I was browsing through the NY Times yesterday and came across an interesting if disturbing article on the current food crisis. This particular article drew a connection between global warming and a shortage of rice. Fair enough. But what is more interesting is the following tidbit, tucked away in the article, far from the headline:
“The global agricultural crisis is threatening to become political, pitting the United States and other developed countries against the developing world over the need for affordable food versus the need for renewable energy. Many poorer nations worry that subsidies from rich countries to support biofuels, which turn food, like corn, into fuel, are pushing up the price of staples.”
Again, this is a completely fair point. Subsidies for biofuel, in particular corn-based ethanol are one of the worst ideas I’ve ever come across. (Beet ethanol is perhaps another matter). But honestly: would the Times have us believe that biofuel subsidies are the only ones that pit the developing world against the rich countries? I can’t imagine ANY agricultural subsidies in the, EU or Japan are very popular among the world’s poor.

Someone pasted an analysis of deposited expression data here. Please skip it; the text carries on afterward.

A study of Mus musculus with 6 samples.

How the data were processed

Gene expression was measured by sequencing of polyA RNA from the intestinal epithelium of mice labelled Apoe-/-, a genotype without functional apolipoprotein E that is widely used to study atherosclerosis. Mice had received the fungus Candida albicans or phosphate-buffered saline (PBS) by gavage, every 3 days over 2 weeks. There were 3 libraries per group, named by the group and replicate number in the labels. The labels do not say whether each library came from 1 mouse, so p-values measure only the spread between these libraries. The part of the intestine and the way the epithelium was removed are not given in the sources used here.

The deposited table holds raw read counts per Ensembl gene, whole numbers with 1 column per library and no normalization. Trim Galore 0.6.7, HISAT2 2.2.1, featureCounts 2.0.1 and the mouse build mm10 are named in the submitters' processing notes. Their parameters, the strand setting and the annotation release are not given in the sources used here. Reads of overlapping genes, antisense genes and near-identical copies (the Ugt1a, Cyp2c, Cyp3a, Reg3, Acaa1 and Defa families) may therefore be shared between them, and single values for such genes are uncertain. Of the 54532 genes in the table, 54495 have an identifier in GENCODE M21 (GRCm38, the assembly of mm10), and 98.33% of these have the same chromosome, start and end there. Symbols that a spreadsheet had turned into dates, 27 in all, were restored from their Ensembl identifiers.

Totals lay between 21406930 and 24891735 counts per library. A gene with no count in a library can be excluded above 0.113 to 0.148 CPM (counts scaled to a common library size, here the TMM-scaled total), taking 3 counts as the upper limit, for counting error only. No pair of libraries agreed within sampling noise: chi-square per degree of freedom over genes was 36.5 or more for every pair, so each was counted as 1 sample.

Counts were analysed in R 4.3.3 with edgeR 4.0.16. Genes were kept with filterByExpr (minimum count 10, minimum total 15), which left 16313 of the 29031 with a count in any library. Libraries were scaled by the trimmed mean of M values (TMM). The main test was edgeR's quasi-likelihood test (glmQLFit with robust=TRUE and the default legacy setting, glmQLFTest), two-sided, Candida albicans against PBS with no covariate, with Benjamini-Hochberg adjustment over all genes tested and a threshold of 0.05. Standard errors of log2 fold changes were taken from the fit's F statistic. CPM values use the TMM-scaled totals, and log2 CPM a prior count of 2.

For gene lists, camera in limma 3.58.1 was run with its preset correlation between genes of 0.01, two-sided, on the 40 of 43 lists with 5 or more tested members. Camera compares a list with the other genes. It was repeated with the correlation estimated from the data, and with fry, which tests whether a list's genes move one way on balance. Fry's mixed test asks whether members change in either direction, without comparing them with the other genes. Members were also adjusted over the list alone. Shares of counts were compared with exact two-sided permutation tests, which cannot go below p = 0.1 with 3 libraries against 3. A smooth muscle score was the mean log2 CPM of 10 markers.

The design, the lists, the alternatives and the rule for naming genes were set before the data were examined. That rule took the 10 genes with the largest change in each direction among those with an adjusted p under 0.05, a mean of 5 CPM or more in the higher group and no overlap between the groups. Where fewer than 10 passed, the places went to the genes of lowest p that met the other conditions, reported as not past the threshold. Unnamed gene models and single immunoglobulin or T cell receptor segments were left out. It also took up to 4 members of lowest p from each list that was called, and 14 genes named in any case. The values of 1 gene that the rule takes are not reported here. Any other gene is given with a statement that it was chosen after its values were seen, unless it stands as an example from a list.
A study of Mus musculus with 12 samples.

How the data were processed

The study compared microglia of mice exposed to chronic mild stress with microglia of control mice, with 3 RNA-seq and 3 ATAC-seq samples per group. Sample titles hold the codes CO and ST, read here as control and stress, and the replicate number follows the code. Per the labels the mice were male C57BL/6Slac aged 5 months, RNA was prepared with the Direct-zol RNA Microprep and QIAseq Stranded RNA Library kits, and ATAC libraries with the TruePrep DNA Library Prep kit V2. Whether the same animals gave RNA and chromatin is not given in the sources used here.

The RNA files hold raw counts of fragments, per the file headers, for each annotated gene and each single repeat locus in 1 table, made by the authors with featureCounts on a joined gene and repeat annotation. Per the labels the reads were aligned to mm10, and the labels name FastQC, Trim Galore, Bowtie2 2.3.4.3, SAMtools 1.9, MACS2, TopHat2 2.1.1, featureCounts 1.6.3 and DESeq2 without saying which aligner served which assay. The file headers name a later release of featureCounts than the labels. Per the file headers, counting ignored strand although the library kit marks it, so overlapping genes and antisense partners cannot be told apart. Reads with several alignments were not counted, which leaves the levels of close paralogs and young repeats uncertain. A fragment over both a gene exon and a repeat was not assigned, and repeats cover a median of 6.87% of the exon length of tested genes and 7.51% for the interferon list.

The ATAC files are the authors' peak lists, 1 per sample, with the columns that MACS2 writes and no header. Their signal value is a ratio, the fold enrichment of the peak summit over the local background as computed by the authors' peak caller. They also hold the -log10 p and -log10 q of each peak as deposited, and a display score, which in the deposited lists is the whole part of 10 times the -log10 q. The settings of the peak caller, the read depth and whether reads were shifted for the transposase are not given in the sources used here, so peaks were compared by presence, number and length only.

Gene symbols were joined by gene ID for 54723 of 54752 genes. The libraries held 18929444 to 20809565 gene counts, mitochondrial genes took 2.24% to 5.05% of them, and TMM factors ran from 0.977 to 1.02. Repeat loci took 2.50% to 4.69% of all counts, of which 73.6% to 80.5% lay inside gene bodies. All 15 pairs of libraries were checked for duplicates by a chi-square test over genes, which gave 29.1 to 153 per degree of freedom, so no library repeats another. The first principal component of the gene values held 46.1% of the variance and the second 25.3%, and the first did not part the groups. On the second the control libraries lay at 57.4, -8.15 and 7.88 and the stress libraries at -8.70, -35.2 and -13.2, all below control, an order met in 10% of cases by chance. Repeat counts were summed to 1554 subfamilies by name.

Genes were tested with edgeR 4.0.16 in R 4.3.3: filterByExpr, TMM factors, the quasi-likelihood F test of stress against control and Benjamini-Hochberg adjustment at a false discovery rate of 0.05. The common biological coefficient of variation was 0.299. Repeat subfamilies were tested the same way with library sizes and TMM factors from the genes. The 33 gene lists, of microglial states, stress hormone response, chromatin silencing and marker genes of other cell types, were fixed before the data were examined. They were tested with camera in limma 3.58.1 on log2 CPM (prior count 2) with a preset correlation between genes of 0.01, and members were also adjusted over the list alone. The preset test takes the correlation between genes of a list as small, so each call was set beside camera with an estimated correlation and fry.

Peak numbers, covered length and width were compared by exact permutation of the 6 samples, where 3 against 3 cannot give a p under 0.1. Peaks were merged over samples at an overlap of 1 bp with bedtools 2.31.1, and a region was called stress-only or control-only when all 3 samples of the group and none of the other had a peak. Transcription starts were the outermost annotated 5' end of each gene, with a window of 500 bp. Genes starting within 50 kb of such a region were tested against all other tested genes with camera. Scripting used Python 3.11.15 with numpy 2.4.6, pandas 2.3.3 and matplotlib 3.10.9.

Unfortunately, they are currently very popular among American politicians, especially Democrats. It’s all too easy to see why. Nothing gets votes like the promise of subsidies for you and higher tariffs for your foreign competitors. When you consider that Iowa is among the greatest beneficiaries of agricultural subsidies, then it becomes obvious why virtually every presidential candidate this year has spoken favorably of such subsidies, usually well bashing NAFTA and/or immigrants. Brazilian beet-farmers, on the other hand, can’t caucus in Iowa. Even Ox-Fam is mostly run by Brits.
I often wonder why this issue doesn’t get more press. Isn’t this as important as who is bitter, whose pastor said what, etc, etc? If one believes, as I do, that agricultural subsidies and tariffs contribute to the appalling gap between rich and poor countries, then one ought to demand better of our politicians and our press.
The contrast between the three major candidates could hardly be greater. Both Obama and Clinton have campaigned against free-trade, and both would undoubtedly continue the subsidies that pit the haves against the have-nots. (They will, of course, do this out of altruistic concern for the well-being of American farmers!) You can’t really blame them for it. As I said before, virtually every major candidate promised more biofuel subsidies while campaigning in Iowa. The one exception was Senator John McCain of Arizona, who told Iowans bluntly that he did not and would not support such subsidies. Anyone who truly cares about closing the global wealth gap ought to keep this in mind in November.